Review: Supergirl Episode 3 “Fight or Flight”

by David Hestand III

Anyway, Supergirl featured a villain from the Man of Steel himself in the form of Reactron.  Reactron is definitely not the most prominent of Superman villains, but in this universe he’s gone toe-to-toe with big blue multiple times, with Superman not yet gaining the upper hand.  Supergirl’s fight to take him down, and possibly bolster her public image along the way are set against Cat Grant deciding to write the piece on Supergirl herself.  Surprisingly enough, the person who comes across as least helpful to Kara this week is Jimmy.  His concern for Supergirl sets her self-esteem back a bit as Clark shows up to save the day, but eventually Kara is able to handle things with the help of her team, rather than her cousin.

Along the way, we get some weird dancing at a party, some slight history on Reactron, Maxwell Lord being all billionaire playboy, and some surprisingly forgettable DEO stuff.  Yeah.  That last one really just amounted to Supergirl’s sister convincing Henshaw to help.


Some find her grating, but I personally find Cat Grant to be hilarious.  She’s a very aggressive personality who gets what she wants.  But this is all offset by just how much accidental advice she gives to the aspiring hero that is Supergirl.  I appreciated her scene with Maxwell Lord solely for the reason that it helped make her a bit more of a character than just “angry boss.”  Winn was also enjoyable this week, even though he seems to be cast in the stereotypical “friendzoned ally” role.  His enthusiasm and help are great, but his reaction to Jimmy spilling Clark’s secret was hilarious.  

Not enough positive things can be said about Melissa Benoist.  She absolutely owns the role of Supergirl.  Her cheer and positivity make Kara so endearing throughout the whole episode.  I have no doubt that she alone is a huge part of what keeps some people coming back.  One of the more enjoyable scenes of the episode came at the end when we got an IM conversation between her and Clark.  Logistics aside, (such as the fact that the history of that can be tracked and Clark using emojis, which I find fantastic) it was a heartwarming little interaction that helped set Supergirl more solidly on the path to becoming her own hero.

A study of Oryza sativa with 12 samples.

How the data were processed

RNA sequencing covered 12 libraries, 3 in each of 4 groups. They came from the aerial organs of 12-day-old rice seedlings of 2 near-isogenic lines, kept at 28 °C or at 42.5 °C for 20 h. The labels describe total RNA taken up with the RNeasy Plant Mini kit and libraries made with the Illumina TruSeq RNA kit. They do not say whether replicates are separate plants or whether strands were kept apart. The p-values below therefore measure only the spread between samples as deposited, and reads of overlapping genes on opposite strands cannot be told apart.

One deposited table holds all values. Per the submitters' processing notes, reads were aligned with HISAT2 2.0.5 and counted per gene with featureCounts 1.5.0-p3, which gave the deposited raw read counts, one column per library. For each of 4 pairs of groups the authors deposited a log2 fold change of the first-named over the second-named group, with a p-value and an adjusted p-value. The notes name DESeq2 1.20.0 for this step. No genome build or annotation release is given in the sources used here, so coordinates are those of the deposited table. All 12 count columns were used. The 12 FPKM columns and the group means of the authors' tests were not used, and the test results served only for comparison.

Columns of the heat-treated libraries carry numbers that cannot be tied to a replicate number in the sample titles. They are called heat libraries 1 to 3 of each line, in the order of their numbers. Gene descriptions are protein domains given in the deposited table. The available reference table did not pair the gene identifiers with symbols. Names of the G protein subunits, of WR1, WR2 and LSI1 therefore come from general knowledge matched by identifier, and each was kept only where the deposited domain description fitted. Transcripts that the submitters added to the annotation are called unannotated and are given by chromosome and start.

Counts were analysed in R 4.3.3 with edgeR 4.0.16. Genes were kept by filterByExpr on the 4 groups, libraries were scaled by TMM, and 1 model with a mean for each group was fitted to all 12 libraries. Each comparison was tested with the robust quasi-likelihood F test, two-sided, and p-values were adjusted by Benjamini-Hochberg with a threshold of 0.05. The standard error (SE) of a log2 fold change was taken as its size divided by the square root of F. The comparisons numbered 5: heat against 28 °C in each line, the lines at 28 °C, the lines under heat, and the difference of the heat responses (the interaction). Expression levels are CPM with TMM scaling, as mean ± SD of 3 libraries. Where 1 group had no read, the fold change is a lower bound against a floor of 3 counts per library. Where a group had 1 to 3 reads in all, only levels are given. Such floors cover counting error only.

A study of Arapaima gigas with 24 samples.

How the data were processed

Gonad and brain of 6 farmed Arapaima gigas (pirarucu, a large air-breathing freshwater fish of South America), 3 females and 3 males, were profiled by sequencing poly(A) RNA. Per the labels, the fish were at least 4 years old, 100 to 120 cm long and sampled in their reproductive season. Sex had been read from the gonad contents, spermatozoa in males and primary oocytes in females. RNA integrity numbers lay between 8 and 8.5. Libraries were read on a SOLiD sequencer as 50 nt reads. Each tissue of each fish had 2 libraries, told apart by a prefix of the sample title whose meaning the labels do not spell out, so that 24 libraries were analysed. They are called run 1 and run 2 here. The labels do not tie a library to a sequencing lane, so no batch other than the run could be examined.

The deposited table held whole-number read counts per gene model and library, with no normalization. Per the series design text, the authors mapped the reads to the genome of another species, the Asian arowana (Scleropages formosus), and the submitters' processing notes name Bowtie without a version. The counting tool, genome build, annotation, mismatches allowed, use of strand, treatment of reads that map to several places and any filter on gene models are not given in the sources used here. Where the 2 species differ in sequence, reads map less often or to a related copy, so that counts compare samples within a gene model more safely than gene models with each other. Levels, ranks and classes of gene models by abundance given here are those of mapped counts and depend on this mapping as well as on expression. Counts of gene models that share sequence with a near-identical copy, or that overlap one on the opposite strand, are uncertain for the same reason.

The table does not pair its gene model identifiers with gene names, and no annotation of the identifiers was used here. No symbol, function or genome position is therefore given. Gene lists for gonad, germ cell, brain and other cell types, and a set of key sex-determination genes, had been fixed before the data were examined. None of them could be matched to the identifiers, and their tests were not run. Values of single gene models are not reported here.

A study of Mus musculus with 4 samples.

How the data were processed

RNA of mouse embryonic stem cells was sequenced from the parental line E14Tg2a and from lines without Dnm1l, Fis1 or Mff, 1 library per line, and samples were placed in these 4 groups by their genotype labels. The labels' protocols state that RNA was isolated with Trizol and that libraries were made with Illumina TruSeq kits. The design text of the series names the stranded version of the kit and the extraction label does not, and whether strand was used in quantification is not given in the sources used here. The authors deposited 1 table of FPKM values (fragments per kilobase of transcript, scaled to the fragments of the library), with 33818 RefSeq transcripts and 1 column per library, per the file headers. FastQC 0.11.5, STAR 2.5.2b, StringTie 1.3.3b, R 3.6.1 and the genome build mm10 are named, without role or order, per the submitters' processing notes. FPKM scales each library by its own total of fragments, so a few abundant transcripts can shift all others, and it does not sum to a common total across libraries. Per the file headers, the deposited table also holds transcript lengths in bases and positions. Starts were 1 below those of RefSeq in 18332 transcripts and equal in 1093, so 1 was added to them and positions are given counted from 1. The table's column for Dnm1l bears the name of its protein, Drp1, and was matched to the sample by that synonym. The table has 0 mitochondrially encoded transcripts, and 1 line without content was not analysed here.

First off, timing hurt this episode.  Having Kara be upset about Clark helping her right after an episode about being stronger working together made her seem a bit hypocritical.  Yes, it is entirely valid that she wants to be her own hero, but her overwhelming annoyance at his help was difficult to swallow given the previous episode and that she was legitimately in grave danger.  I wonder if it might have been easier to accept this path as viewers had she not been in such danger and Clark just showed up.  At that, the final fight with Reactron was an anticlimactic way for her to one-up him by actually stopping Reactron like Clark never had.

Mr. James Olsen just came off horribly this week.  Sure, he risked himself at the end, but it really didn’t redeem him.  He spilled Superman’s identity to a guy he’s known for like two or three weeks, and he totally went over Kara’s head in calling in Clark.  For a guy that’s supposed to be the love interest, we are really left wondering why Supergirl wants to be with him at all, romantically.

Lastly, Maxwell Lord wasn’t too endearing this week.  He wasn’t especially bad (except in that weird and awkward dance with Cat), but he definitely doesn’t have any of the gravitas one might expect from the guy who’s supposed to be a long-term villain.

The Verdict

Supergirl spent its third episode addressing Superman’s presence, but it didn’t quite stick the landing.